Dodgers’ Dave Roberts is still basking in the team’s World Series title
The view from the summit is so majestic that Dave Roberts is in no hurry to start his descent down the mountain.
While most of baseball — including his own front office — is gearing up for the 2021 season, the Dodgers manager is taking some extra time to bask in the afterglow of a World Series victory over the Tampa Bay Rays that ended the organization’s 31-season championship drought.
“I think my progression was joy and elation right after the last out was recorded, and then it went to relief,” Roberts said on a video call Thursday. “That lasted for a good week, and then I think the joy started to filter in, so I’m still on a high, in a joyful state.
“The thoughts of 2021 and how we’re going to put the roster together and reconnect with players, that’s kind of happening right now. But for me personally, I think it will ramp up more after the holidays.”
Kenley Jansen is no longer an elite closer. The Dodgers have to find a solution and have the remainder of the winter to figure out how.
The ascent was long and arduous for Roberts and the Dodgers, who won seven straight National League West titles from 2013 to 2019, reached the World Series twice—losing to the sign-stealing Houston Astros in seven games in 2017 and the Boston Red Sox in five games in 2018 — and were bounced by the Washington Nationals in the first round after winning a franchise-record 106 games in 2019.
The pandemic-shortened 60-game season was more sprint than marathon but was every bit as grueling, with teams navigating a maze of daily safety protocols and COVID-19 testing and the heavily favored Dodgers spending most of October in Arlington, Texas, where they played the final three rounds of the playoffs.
When the Dodgers finally hoisted the Commissioner’s Trophy, it was as if an anvil had been removed from their backs.
“It’s something I spent a lot of time thinking about and I was really curious what that breakdown would be between joy and relief,” Andrew Friedman, the Dodgers’ president of baseball operations, told SportsNet LA in November. “I spent many hours, months and years thinking about it and chasing it.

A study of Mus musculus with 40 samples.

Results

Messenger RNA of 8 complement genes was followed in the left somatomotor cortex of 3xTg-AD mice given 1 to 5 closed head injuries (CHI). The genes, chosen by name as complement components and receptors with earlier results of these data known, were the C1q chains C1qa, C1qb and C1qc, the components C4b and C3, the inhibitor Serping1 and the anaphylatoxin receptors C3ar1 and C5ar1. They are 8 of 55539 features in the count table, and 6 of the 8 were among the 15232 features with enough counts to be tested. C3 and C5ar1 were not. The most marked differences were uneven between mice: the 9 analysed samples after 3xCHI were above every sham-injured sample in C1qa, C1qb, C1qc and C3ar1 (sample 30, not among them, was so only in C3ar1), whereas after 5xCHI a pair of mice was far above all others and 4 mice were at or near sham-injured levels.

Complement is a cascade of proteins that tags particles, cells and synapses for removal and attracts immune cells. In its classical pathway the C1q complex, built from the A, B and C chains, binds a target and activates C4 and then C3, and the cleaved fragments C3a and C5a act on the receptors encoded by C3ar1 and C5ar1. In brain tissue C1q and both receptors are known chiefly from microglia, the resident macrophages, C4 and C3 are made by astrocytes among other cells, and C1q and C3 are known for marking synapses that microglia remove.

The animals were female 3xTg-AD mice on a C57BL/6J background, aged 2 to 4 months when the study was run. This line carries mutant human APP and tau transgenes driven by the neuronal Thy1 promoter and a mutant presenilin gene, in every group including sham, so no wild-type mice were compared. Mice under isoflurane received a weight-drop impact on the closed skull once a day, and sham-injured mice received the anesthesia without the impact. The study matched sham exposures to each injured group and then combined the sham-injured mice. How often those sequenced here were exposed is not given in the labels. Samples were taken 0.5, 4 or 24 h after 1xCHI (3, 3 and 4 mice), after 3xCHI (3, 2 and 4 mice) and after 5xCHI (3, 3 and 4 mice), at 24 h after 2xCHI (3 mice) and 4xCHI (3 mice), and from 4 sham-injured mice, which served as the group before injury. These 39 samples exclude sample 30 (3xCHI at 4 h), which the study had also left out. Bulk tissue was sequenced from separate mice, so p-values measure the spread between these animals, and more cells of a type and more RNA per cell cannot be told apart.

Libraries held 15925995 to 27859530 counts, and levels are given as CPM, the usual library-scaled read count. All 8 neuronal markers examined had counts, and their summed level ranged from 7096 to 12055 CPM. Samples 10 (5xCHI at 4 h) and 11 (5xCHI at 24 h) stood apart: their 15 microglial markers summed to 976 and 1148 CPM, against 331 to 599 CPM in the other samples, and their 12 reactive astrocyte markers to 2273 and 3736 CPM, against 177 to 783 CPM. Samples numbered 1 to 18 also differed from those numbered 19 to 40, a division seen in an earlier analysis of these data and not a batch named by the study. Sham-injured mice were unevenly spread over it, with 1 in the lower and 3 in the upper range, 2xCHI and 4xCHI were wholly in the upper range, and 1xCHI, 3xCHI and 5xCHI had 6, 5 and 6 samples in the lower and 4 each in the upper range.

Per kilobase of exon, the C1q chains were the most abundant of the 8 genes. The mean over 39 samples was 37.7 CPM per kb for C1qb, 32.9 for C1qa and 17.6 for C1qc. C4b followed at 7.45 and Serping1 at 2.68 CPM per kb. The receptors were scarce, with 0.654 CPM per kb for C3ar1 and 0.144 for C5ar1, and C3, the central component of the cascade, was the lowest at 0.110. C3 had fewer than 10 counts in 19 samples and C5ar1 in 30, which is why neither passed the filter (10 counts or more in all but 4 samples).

“I can now answer the question; it was 99% relief, 1% joy. Which, then, I think is motivating me to do it again, because I’m hoping the second time will be the inverse of that and 99% joy.”
Roberts was heavily criticized for pitching decisions in previous Octobers, for using ace Clayton Kershaw in relief — a move that backfired spectacularly in Game 5 of the 2019 NL division series — pulling starter Rich Hill from a World Series game too soon and leaning too heavily on Kenley Jansen when the closer was clearly struggling.
After sticking with Julio Urías long enough for the left-hander to record the final nine outs of the NL Championship Series clincher over the Atlanta Braves and the final seven outs of the World Series clincher over the Rays, it has been gratifying for Roberts to not have every pitching decision dissected and debated all winter.
“It’s a nice change,” Roberts said. “I agree with Andrew in that it was more relief than elation. Over the past five years, you’re so focused on the process and how we go about it. The ultimate goal is to win a championship, and when you finally get to that point, you’re like, ‘Man, we did it!’ And you have so much relief for many different reasons.
“Now, the balance, the inner-struggle, is how much can you just enjoy it and get past that relief to then focus on 2021? I’m still in the middle. Once we get past holidays, I’ll bear down on 2021.”
The Dodgers don’t need to acquire a frontline starting pitcher this offseason. But they might pursue 2020 NL Cy Young winner Trevor Bauer anyway.
Roberts won a World Series ring with the Boston Red Sox in 2004, when the speedy outfielder’s stolen base in Game 4 of the American League Championship Series sparked a ninth-inning comeback that led to the Red Sox erasing a three-games-to-none deficit to the New York Yankees.
Winning another World Series ring in his fifth season at the helm of the Dodgers validated Roberts as a major league manager.
“I’m the first to say that you can’t live your life and coach solely for results, because I believe the body of work we’ve done as an organization is pretty special,” Roberts said. “But you are in this to win championships, and having done that for the city, for the organization, it is a lot of validation.”